Precision Livestock Farming (PLF) Technologies to Reduce Greenhouse Gas (GHG) Emissions Intensity of Pasture-based Cattle Systems
European cattle farmers are facing increased demand for pasture-based and environmentally friendly products. Although feeding strategies to reduce Greenhouse Gas (GHG) emissions have been studied intensively, strategies for grazing systems are under-researched. The lack of easy-to-implement technologies for methane measurement with grazing cattle complicates the necessary large-scale studies.
The aim of this project is to develop an animal-mounted sensor platform for methane measurement in grazing cattle and validate using established techniques (Respiration chambers, LaserGun and Greenfeed).
To what extent can we use sensors and precision farming techniques to determine the methane emission from grazing cows, and then reduce it by management interventions? Those are the two big questions of the GrASTech research project.
In the highly controllable (feed and management) conditions of a modern dairy herd, methane emissions have already been determined and some climate strategies investigated. Under grazing, however, the parameters vary. Still, the researchers wish to develop solutions for the climate impact of dairy farming. The bovine enteric emissions in Flanders must be reduced by 2030 by 19% reduction compared to 2005, in France by 20% by 2025 compared to 2015 and in Scotland by 9% by 2032 compared to 2018).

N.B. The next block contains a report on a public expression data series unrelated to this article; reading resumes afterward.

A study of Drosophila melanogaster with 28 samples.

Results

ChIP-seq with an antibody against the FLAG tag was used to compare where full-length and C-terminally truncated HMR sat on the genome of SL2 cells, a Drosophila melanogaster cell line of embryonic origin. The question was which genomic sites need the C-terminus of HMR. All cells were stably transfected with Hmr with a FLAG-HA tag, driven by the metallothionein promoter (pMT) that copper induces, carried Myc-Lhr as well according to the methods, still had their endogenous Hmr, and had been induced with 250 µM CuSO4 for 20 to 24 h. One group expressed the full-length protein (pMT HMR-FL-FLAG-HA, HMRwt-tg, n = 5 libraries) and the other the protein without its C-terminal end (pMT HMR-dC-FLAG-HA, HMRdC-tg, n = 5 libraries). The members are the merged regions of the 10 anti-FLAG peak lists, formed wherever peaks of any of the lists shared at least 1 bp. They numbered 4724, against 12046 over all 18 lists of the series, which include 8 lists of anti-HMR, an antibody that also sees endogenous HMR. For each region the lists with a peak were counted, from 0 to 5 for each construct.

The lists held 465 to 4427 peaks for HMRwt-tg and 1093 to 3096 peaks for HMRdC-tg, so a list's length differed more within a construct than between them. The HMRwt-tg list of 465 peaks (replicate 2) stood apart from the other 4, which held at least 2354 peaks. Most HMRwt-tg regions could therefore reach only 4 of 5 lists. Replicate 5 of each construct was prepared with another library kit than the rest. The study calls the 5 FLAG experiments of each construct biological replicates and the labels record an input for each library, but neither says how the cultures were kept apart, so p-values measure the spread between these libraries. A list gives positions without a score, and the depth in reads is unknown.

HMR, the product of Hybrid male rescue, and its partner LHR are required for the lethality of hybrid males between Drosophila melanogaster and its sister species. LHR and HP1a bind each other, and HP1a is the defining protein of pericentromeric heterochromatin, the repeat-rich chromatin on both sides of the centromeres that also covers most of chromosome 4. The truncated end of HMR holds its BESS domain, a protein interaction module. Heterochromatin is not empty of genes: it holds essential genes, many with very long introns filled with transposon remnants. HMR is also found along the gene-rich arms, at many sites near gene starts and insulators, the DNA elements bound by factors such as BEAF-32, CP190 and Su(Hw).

Institute for Agricultural and Fisheries Research, ILVO, Belgium
Institut de l'elevage, IDELE, France
French National Institute for Agricultural Research and the Environment, INRAE, France
Dairy Research Centre, SRUC, United Kingdom
Department of Electronic and Electrical Engineering, Strath, United Kingdom
Total requested funding
Project website and social media
NEWS from GrASTech
In December 2019 GrASTech partners started exploring to what extent precision livestock farming (PLF) technologies can be used to map methane emissions of grazing cows and reduce those emissions by management interventions.
University of Strathclyde is developing a non-intrusive methane concentration measurement system for grazing ruminants. SRUC is reviewing literature to assess how PLF technologies impact technical efficiency/productivity of housed animals and how this can be translated to grazing animals. Implications on methane outputs of these PLF technologies are being investigated and modelled. ILVO is preparing its first grazing experiment in which enteric methane emission related to three feeding/grazing strategies will be compared. At INRAE, unfortunately, the grazing experiment had to be postponed due to COVID-19 restrictions. However, all methodologies and protocols are in place to be picked up next spring. At IDELE, a laser methane detector is being validated to ensure accurate measurements in grazing situations later on.